VoIP, or Voice over Internet Protocol, is the hip way to talk on the phone. Skype and its ilk have lead to an explosion of VoIP programs, apps and hardware that let you bypass traditional phone networks in favor of digitized over-the-internet voice calls, instant messaging and video conferencing. Whether it's business executives using telepresence and video conferencing to cut down on travel costs, online gamers looking for an easy means of in-game communication or far-flung families looking for a means to get in touch with distant loved ones that won't cost an arm and a leg, VoIP is an integral part of life for many. These are the apps to get. (Image Credit: Arek Malang/Shutterstock)
Skype boasts a huge user base, with more than 300 million subscribers. Free Skype-to-Skype audio and video calls, group calls, as well as text and voice messaging cover your telephony basics. More advanced tools such as call forwarding, sending SMS messages, Caller ID, a Skype number, calling landline or mobile phones worldwide, and video conferencing can be enabled with Skype Credit or a subscription plan. Additionally, Skype for Business features robust Office 365 integration, and runs through a Lync server, so messages and calls do not need to leave the office intranet unless made to or by an outside user.
After languishing in development limbo for years, Google Voice has gooten a major update to its web and mobile apps (Android, iOS), bringing a ton of usability and interface improvements, from Google's Material design to a new style of inbox that separates your text messages, calls, and voice mail, as well as improvements to group messaging and MMS features. (Just in time, too, as Google Hangouts — one of the company's other video chatting options — is getting an overhaul as a business communication tool to compete with the likes of Slack.) All of these features come in addition to familiar strong points of Google Voice, such as auto-transcribed voice mail (now including Spanish), call forwarding, spam-filtering, and more. Google has said that it's going to be providing new features and more consistent updates to Google Voice, so maybe Google's messaging future may, in fact, lie in its past.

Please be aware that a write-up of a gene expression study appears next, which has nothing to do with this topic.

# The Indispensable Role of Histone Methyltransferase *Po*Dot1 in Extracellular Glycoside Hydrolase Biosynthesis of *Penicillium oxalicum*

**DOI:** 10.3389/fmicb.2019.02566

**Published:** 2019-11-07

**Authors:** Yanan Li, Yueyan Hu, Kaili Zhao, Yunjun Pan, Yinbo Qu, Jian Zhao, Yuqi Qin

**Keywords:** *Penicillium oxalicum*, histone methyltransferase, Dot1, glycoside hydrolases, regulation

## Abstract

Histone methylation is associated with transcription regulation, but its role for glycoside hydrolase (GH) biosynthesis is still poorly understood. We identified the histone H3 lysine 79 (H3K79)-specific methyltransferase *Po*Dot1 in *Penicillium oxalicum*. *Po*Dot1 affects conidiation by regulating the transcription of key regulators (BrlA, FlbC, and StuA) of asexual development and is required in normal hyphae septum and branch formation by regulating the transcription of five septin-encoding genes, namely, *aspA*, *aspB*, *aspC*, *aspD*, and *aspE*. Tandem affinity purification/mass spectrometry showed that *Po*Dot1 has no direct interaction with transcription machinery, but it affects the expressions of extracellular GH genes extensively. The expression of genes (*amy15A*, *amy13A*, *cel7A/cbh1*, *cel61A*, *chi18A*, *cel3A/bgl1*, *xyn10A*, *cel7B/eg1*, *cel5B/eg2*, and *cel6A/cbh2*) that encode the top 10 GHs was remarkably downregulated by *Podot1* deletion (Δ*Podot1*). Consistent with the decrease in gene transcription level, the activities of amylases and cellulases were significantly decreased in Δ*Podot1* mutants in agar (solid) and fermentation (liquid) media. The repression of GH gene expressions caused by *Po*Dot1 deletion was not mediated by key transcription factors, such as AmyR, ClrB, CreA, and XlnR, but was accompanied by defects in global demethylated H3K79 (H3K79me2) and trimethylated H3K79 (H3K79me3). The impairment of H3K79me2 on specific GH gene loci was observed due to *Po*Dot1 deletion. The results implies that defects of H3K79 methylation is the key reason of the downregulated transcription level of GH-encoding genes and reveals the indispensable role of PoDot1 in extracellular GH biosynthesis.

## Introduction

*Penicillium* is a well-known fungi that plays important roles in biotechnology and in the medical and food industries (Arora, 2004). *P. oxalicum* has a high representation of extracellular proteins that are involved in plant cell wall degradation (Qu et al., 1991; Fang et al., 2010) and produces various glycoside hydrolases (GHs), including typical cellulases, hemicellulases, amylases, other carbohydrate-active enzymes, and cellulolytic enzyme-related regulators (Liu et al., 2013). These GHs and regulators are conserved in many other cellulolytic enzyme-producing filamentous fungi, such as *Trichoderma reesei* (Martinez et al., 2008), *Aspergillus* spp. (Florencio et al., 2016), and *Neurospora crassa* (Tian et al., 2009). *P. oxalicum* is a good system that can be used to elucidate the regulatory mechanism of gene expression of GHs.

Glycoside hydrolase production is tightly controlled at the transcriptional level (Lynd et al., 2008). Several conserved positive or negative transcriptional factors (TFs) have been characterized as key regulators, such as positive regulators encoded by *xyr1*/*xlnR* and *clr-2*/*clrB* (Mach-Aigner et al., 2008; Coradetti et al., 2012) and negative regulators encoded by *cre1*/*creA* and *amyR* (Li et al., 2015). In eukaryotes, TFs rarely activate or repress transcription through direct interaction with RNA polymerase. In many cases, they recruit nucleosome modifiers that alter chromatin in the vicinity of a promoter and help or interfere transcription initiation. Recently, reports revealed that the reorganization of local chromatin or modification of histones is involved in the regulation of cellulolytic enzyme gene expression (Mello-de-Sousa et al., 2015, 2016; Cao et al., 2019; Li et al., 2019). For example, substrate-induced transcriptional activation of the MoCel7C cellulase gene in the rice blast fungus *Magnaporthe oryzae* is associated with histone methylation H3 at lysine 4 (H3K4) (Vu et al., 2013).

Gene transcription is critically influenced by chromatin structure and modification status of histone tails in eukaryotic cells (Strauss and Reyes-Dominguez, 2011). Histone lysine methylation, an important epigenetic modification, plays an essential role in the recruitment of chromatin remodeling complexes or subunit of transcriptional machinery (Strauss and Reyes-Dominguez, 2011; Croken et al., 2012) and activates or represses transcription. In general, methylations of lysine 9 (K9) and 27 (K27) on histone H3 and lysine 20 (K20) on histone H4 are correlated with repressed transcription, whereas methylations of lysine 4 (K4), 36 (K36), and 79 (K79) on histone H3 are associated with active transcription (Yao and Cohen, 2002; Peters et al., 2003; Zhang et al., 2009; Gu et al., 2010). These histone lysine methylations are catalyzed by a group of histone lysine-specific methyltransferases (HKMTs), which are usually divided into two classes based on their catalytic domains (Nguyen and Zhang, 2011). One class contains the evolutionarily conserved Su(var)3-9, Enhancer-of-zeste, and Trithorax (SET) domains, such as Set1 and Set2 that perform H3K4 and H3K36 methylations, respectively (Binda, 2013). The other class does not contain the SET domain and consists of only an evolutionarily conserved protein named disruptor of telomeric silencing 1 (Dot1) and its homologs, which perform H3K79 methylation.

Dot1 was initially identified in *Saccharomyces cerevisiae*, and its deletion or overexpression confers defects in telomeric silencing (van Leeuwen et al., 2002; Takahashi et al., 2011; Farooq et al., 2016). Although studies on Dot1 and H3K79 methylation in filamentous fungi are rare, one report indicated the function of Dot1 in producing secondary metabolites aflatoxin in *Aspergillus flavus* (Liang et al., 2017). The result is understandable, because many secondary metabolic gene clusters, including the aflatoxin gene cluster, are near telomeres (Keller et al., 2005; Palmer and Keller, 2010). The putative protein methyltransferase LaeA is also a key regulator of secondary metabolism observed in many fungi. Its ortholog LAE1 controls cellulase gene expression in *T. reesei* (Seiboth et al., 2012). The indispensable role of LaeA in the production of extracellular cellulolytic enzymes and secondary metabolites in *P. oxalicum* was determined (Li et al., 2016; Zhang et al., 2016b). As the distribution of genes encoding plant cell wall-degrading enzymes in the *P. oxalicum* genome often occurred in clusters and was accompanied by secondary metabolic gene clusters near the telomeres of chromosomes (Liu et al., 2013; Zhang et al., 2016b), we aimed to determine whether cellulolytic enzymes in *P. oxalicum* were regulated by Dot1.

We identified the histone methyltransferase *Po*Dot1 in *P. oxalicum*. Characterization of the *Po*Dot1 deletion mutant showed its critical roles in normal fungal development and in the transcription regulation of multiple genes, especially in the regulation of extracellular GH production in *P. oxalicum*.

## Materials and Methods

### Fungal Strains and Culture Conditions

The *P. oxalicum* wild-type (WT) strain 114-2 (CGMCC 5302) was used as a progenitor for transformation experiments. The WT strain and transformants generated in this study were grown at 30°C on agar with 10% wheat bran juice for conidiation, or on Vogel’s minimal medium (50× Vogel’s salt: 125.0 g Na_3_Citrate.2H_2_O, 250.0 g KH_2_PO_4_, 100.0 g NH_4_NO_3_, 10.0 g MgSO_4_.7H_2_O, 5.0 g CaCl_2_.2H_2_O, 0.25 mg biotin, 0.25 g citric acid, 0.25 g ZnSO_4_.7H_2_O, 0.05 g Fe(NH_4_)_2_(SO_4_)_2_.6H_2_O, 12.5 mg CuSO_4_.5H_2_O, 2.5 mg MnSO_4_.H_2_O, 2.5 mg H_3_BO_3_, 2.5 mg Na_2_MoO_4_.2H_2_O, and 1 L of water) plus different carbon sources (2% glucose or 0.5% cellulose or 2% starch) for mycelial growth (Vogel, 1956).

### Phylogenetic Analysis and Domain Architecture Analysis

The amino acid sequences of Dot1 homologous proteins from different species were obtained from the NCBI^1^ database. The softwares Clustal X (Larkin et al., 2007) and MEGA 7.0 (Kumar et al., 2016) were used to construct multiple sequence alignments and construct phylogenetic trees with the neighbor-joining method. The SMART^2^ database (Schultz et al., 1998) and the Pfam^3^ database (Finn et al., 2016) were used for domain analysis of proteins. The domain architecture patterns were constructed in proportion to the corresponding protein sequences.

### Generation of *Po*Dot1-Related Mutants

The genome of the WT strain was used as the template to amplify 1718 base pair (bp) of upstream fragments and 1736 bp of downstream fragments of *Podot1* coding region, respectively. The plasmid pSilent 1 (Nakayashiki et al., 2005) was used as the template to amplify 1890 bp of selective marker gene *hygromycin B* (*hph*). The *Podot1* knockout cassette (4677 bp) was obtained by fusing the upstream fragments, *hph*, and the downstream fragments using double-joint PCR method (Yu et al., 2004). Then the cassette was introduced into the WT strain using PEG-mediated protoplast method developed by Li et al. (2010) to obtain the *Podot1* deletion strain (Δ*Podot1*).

Vonage is a popular provider for premium home VOIP plans, with a telephone-like experience that also includes numerous extras such as call forwarding, mobile extensions with smartphone apps, and support for a number of international locations. On the desktop end of things, Vonage also offers some neat extras to bring your calls to your desktop or laptop, such as SoftPhone, for making and receiving calls, voicemail, and other features ($9.99 per month), and subscribers to Vonage's business plans get the heftier Vonage DesktopConnect, a communications hub for making calls, sending messages, tracking call history, and more, from the convenience of your office computer.
ooVoo is an instant messaging and voice/video calling service featuring instant messaging, text chat, video calls and messaging, and 12-way video conferencing. Other interesting features include the ability to invite non-ooVoo users to calls (prompting them to sign up and install), create browser-based "Call Me" buttons, as well as file and screen sharing, great for collaborative work or online meetings. Purchasing premium credits allows you to call landline numbers in more than 70 countries at reasonable rates, as well as connect landline callers to conference calls (audio only). It's also since moved to mobile devices with Android and iOS clients available.
The Viber desktop app has managed to catch-up with the mobile app in terms of features and functionality, as Viber debuts its changes on its iOS and Android platforms first. You still need to have a Viber account on your phone to get the desktop version to work, but syncing your contacts and call history is now automatic and instantaneous. There's also a nifty transfer call feature that lets you seamlessly switch between desktop and mobile when making, receiving or during a call. And Viber finally added group chat and call functionality to its desktop feature.
Initially just a part of the greater Facebook experience, Messenger has since branched off into its own beast, with a web app and mobile apps powered by your Facebook login to provide instant messaging, voice, and video calls through Wi-Fi or mobile data. Ease of use, a ton of features such as image sharing and stickers, and the sheer ubiquity of Facebook have made Messenger a popular choice for making voice and video calls without going through your phone.
Jitsi is a Java-based free and open-source program for VoIP and instant messaging. It runs on Windows, Mac, and most Linux platforms. Jitsi boasts a six out of seven on the Electronic Frontier Foundation's secure messaging scorecard, so if security is your main concern then Jitsi may interest you. Jitsi is recommended for the more adventurous user who's not afraid to mess around with configuration files and encryption keys to get a customized experience safe from snooping.